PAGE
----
Washington (CNN)Deputy Attorney General Rod Rosenstein has picked a veteran prosecutor to help him oversee the Russia probe at the Justice Department as the Special Counsel's investigation deepens.
Rosenstein gets new top deputy for Russia probe
Ed O'Callaghan will serve as the acting Principal Associate Deputy Attorney General, according to a Justice Department official.
The powerful post, commonly known as the "Padag" within the department, advises the Deputy Attorney General on all major investigations and policy matters, but generally floats under the radar.
Yet O'Callaghan now lands in the thick of the highest-profile investigation at the Justice Department, ensnarling former Trump campaign associates. Late Monday evening, prosecutors in the Russia probe revealed Rosenstein has granted the special counsel's office wide latitude to investigate former Trump campaign chairman Paul Manafort's connections to Russian government officials. Thus far, the special counsel's office has charged 19 people and three companies, and one person has been sentenced.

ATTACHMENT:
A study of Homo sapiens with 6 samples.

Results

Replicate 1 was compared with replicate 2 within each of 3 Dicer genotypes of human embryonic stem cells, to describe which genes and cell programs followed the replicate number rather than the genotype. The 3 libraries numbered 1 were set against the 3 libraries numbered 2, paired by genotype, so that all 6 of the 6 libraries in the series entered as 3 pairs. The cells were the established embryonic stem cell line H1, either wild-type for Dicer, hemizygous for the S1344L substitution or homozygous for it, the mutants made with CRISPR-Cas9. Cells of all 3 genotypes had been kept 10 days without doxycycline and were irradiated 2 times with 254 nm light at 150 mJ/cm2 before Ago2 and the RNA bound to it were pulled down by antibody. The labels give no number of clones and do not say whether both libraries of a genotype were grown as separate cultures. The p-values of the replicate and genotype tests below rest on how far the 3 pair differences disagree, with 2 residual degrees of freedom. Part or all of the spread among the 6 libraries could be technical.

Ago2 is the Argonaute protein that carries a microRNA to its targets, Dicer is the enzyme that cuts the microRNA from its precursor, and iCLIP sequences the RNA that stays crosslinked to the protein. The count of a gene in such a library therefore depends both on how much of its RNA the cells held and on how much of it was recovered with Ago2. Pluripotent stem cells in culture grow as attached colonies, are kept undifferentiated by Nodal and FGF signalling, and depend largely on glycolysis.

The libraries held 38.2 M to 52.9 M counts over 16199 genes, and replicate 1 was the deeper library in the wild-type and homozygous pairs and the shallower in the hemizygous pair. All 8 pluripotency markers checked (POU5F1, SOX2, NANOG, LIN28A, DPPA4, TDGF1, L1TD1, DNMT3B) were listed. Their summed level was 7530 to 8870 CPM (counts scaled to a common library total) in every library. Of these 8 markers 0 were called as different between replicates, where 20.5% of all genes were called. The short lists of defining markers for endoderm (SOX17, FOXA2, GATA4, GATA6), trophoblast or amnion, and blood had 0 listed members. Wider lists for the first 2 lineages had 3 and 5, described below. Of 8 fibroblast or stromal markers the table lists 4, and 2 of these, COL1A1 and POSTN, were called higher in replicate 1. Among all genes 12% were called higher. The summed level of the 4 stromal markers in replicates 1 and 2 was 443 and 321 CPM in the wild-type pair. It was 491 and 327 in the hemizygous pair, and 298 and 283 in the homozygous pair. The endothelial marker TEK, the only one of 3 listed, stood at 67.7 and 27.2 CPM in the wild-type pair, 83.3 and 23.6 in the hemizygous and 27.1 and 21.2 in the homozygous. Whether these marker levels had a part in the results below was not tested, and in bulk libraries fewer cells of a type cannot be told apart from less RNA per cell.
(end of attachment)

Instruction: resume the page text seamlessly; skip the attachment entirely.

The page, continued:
A long-time federal prosecutor and counterterrorism expert in New York, O'Callaghan most recently served as the acting head of the DOJ's National Security Division. He raised eyebrows of some former DOJ officials earlier this year when he took to the White House podium to defend the Trump administration's use of contested terrorism figures to encourage changes to immigration policies.
O'Callaghan now replaces Robert Hur -- who was unanimously confirmed as the US Attorney of Maryland last month.
Historically, top Justice officials have leaned on their deputies in different ways, but physical proximity is telling: there is a connecting door between the deputy attorney general and Padag's offices.
And unlike many senior officials at Justice whose portfolios focus on discreet areas of the law, O'Callaghan, as the principal associate deputy, will help Rosenstein manage all units within the department.
"It's essentially the deputy attorney general's right hand," said Matthew Axelrod, who held the position under former Deputy Attorney General Sally Yates and is now a partner at Linklaters. "You want a consigliere -- someone to discuss the most sensitive issues with, to give you sound advice, and to ensure your decisions get implemented."
Other notable former Justice officials who have served in this position include FBI Director Christopher Wray, Chief Judge Merrick Garland of the DC Circuit Court of Appeals, and former White House Counsel Kathy Ruemmler.